Once regarded as little more than a tourist attraction, cable cars are now proving to be an environmentally friendly method of commuting, writes Len Williams.
Scroll to view the gallery
In 2004 the Colombian city of Medellin became the first place in the world to fully integrate cable cars into its existing metro system. Since then, a growing number of urban areas across the globe have begun installing cable car systems of their own, offering a clean, relatively cheap and innovative method of moving people around.
Len Williams looks at the growth of this unique new form of urban transport.
For decades Colombia’s second city was synonymous with violent crime. Built along a steep-sided valley with poorer neighbourhoods arranged on the slopes far from the centre, many inhabitants were effectively excluded from jobs because of the time and effort it took to travel to work.
Since 2004, however, the city has invested in connecting these high-up neighbourhoods with the rest of the city through its innovative MetroCable system – an investment which has been widely credited as helping cut the city’s crime rates.
Since then, cities around the world have begun to follow Medellin’s example. From Caracas in Venezuela to Constantine in Algeria, New York in the US to Russia’s Nizhny Novgorod, authorities are turning to cable cars as a means of overcoming common transport challenges.
Gondola systems, as they’re sometimes known, offer urban planners a way of traversing challenging topography such as steep hills and rivers. But, these aren’t the only benefits.
Cable cars offer other pluses too. They’re quiet, emit no direct air pollution, and in contrast to new railways, tunnels or bridges, are significantly cheaper to build.
Their ability to connect hilly and hard-to-reach areas is winning them recognition. In less economically developed cities that can’t afford light railway systems, they offer a faster and more comfortable method of commuting long distances than buses and can also help reduce congestion.
There’s also the view while you’re travelling.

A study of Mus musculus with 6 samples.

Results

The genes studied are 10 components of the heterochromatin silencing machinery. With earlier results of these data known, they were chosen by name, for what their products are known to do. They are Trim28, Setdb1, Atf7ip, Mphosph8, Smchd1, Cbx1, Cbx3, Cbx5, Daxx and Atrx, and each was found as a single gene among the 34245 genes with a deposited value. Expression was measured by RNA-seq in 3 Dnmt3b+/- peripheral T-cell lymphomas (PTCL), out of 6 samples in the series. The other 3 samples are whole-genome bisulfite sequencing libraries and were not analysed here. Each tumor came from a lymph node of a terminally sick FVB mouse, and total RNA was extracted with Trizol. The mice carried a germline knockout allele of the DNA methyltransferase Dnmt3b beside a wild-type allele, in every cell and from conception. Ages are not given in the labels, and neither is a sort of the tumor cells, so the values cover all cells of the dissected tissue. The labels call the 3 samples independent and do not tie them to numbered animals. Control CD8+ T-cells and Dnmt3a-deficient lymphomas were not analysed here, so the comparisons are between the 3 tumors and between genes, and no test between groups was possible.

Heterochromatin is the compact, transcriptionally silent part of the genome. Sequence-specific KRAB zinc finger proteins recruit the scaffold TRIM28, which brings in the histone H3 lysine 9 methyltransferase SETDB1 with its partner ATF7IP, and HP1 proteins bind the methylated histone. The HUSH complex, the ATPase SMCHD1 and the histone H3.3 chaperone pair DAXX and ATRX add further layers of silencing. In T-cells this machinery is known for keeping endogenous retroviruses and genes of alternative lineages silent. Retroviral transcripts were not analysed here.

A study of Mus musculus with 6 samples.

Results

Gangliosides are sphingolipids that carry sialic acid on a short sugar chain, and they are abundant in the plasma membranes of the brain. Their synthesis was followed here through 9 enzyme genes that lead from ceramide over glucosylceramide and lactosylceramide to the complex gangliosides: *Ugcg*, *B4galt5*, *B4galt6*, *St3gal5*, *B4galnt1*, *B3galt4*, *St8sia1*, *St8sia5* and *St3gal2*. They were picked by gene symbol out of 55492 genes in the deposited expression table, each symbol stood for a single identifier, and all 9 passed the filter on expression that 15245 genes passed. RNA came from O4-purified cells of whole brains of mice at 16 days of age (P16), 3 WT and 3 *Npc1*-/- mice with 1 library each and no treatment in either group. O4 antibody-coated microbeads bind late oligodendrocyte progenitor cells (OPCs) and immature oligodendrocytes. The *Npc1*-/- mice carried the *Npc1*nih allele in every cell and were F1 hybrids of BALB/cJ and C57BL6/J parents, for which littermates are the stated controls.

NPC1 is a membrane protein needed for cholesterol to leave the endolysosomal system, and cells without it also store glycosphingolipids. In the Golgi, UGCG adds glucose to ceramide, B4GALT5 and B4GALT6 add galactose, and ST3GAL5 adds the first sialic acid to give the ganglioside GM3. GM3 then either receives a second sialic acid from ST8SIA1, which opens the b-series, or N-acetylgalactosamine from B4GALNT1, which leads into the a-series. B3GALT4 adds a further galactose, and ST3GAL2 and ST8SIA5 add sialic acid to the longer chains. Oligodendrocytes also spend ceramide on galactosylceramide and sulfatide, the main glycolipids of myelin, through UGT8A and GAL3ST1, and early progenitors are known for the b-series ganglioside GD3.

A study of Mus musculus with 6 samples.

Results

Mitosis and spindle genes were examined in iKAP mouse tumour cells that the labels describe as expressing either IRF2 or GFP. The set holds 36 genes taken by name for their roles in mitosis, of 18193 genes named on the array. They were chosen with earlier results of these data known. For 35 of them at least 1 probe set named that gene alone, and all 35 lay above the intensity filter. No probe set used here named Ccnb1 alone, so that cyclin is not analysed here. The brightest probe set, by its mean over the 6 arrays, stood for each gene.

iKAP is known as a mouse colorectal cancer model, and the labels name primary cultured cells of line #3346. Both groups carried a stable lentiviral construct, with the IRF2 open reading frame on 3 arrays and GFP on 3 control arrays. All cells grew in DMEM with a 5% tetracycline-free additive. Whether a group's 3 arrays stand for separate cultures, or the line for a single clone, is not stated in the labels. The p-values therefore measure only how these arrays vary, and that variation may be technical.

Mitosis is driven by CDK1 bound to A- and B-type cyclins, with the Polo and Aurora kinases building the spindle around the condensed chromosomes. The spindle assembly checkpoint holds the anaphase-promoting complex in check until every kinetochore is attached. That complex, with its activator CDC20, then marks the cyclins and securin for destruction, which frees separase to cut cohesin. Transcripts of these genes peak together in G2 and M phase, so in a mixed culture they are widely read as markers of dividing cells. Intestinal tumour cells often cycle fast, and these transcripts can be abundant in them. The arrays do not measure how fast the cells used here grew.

A World Bank study of urban cable cars notes that the average journey length for today’s system is 2.7km, with stations every 800 metres or so. They typically reach speeds of between 10-20km/h (6.2 to 12.4mph) and can carry up to 2,000 people per hour in each direction.
Depending on the city and the neighbourhoods served, a single cable car line can carry upwards of 20,000 passengers daily. One line in the Bolivian capital La Paz carries up to 65,000 people every 24 hours.
Most urban cable cars hang from a cable above, although some are also pulled by an attachment below. In either case, the fundamentals of the technology are roughly the same. At its simplest, one long steel cable rotates between pulleys at either end of the route, not unlike a traditional outdoor washing line.
The cable cars are often (though not always) attached to the cable with a detachable grip, which automatically releases when it arrives in a station, before reattaching itself once passengers have left the car.
Not all urban cable cars have met with resounding success. In Brazil, Rio de Janeiro’s system came in for criticism for the sheer cost of its construction when it was completed in 2012 – around 210m reals, or £44m/$54m in today’s money.
The Rio system was intended to provide a service to marginalised communities in hillside favelas, yet was criticised as being a vanity project built without their consultation – many would have preferred the money spent on improved sanitation and basic public services.
An unexpected side effect of urban cable cars is their pull as a tourist attraction, and therefore as an agent of economic growth. In cities such as Medellin and La Paz, a cable car ride is rated as one of the main attractions.
The world’s longest metro cable car system, at over 16km, is in La Paz, Bolivia. The Mi Teleférico functions as La Paz’s principal public transport system and currently has 25 stations and six separate lines running across the city. Four additional lines are planned to open in 2019. A one-way ticket will set you back just 3 Bolivianos – around £0.33 ($0.42).
Since 2016, visitors to Vietnam’s Ha Long Bay can view the unique rock formations that the Unesco World Heritage site is famous for from a new perspective. The cable car leaves Ha Long City and glides over the bay to a viewing point on the nearby Ba Deo Hill and is supported by the world’s tallest cable car pylon, at 188.8m (623ft).
The Ha Long Queen Cable Car is also a record breaker for the number of passengers each gondola can carry – the double decker cars can transport up to 230 passengers.
Cable car craze
A growing number of cities are expressing an interest in building their own urban metro cable car systems. Industry website The Gondola Project lists cities that are in the process of either exploring, planning or building their own systems. Current cable car plans include the likes of Tasmania, Gothenburg (Sweden), Jerusalem (Israel), Mombasa (Kenya) and Chicago.
Don't look down
Not all cable cars are a relaxing ride, however. Some of the individual cabins in the Yeosu Cable Car, which connects the South Korean mainland to a nearby island, feature clear reinforced glass floors – and are not for the faint of heart.